July 17, 2014

rhinos

Global illegal wildlife trade has taken a major toll on the world’s threatened species. In Africa, an elephant is killed every 15 minutes. The African Monitoring the Illegal Killing of Elephants program estimates over 17,000 elephants were killed illegally in 2011. The Western black rhino became extinct in 2011 as rhino poaching has increased by 7700% since 2008. According to a tweet by United for Wildlife, there were more football players in the World Cup than Sumatran and Javan Rhinos in existence. In many cases, the rate of killing exceeds the natural growth of the population pushing threatened species to extinction.

While the poaching of elephants and rhinos is a tragic and significant issue, it points to an even more ominous threat.

Global illegal wildlife trade is estimated to be a $19 billion per year industry and is the fourth largest global illegal trade after drugs, humans, and weapons. However, global illegal wildlife trade differs in that it involves a finite and rapidly diminishing amount of resources. While rising prices and insufficient enforcement make poaching and illegal wildlife trade a lucrative low-risk industry, it causes adverse effects on local populations through stifling economic developments, amplifying systems of poverty, and increasing corruption.

Poverty heightens the vulnerability of communities to the recruitment, bribery or coercion of local officials, police, members of the military and wildlife rangers by poachers and criminal networks.  New technologies are worsening the situation by allowing poachers to conduct more elaborate operations and better collude and partner with illegal traders and criminal organizations. While growing demand, higher prices, and new technologies create a perfect storm for illegal wildlife trade and poaching, the GEF holds firm that collaboration and cooperation are the only ways to combat this transnational criminal enterprise.

Since 1991, the GEF has directly contributed over $78 million and leveraged over $206 million in co-financing in the funding of 28 projects promoting wildlife conservation, combating poaching and illegal wildlife trade, and preventing the extinction of threatened species.

GEF Funding and Co-Financing for Wildlife Conservation from 1991-2013:

At the 5th Assembly of the GEF in Cancun in May 2014, in a side event called “Preventing the Extinction of Known Threatened Species by Addressing Poaching and Illegal Trade,” the World Wildlife Fund (WWF) the World Bank and the GEF discussed partnerships as key to pursue innovative and workable solutions to combat the “perfect storm” of rampant illegal wildlife trade locally, regionally, nationally, and worldwide (Watch IISD  video summary of the event  http://www.iisd.ca/videos/gef/council46-preventing-the-extinction-of-known-threatened-species-by-addressing-poaching-and-illegal-trade/).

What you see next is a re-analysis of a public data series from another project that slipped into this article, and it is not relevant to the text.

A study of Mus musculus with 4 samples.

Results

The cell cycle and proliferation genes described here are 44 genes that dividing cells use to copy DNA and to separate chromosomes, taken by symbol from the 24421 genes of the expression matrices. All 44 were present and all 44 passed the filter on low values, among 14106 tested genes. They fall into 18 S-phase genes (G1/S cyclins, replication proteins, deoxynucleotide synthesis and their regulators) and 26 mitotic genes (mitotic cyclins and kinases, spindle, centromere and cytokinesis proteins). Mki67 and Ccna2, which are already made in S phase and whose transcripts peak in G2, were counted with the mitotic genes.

GEF projects help countries to assess the current situation of illegal wildlife trade, train and equip law enforcement and rangers to respond to poachers, and support countries to build the required systems and implement available tools to combat this trade.

During its last meeting in May 2014, the GEF council approved a project entitled  “Engaging Policy Makers and the Judiciary to Address Poaching and Illegal Wildlife Trade in Africa” with the purpose of creating the enabling environment to effectively address poaching and illegal wildlife trade through new and enhanced laws, regulations, and policies (To learn more about this project, visit /gef/project_detail?projID=5821). 

 

Ivory Seizing Statistics (National Geographic, New York Times, CITES)

The GEF aims to build effective policymaking infrastructure and create political will to institute systems that will protect elephant and rhino populations, combat elephant and rhino poaching, and fight ivory trafficking in 18 different African countries. Improving policy and judicial action will strengthen national legislation, improve weak governance, and mitigate corruption to enable countries to respond to illegal wildlife trade in adequate capacities.

In partnership with the World Bank and the IUCN, the GEF is also funding Save Our Species (SOS), a global coalition to build the biggest species conservation fund and to support field and wildlife conservation projects and initiatives around the world.

 WWF Rhino Infographic  (©All rights reserved by WWF-Canon Global Photo Network)

The GEF and its partners are committed to conserving biodiversity, combating illegal wildlife trade, empowering local officials and law enforcement, enacting effective policies and preventing the extinction of threatened species.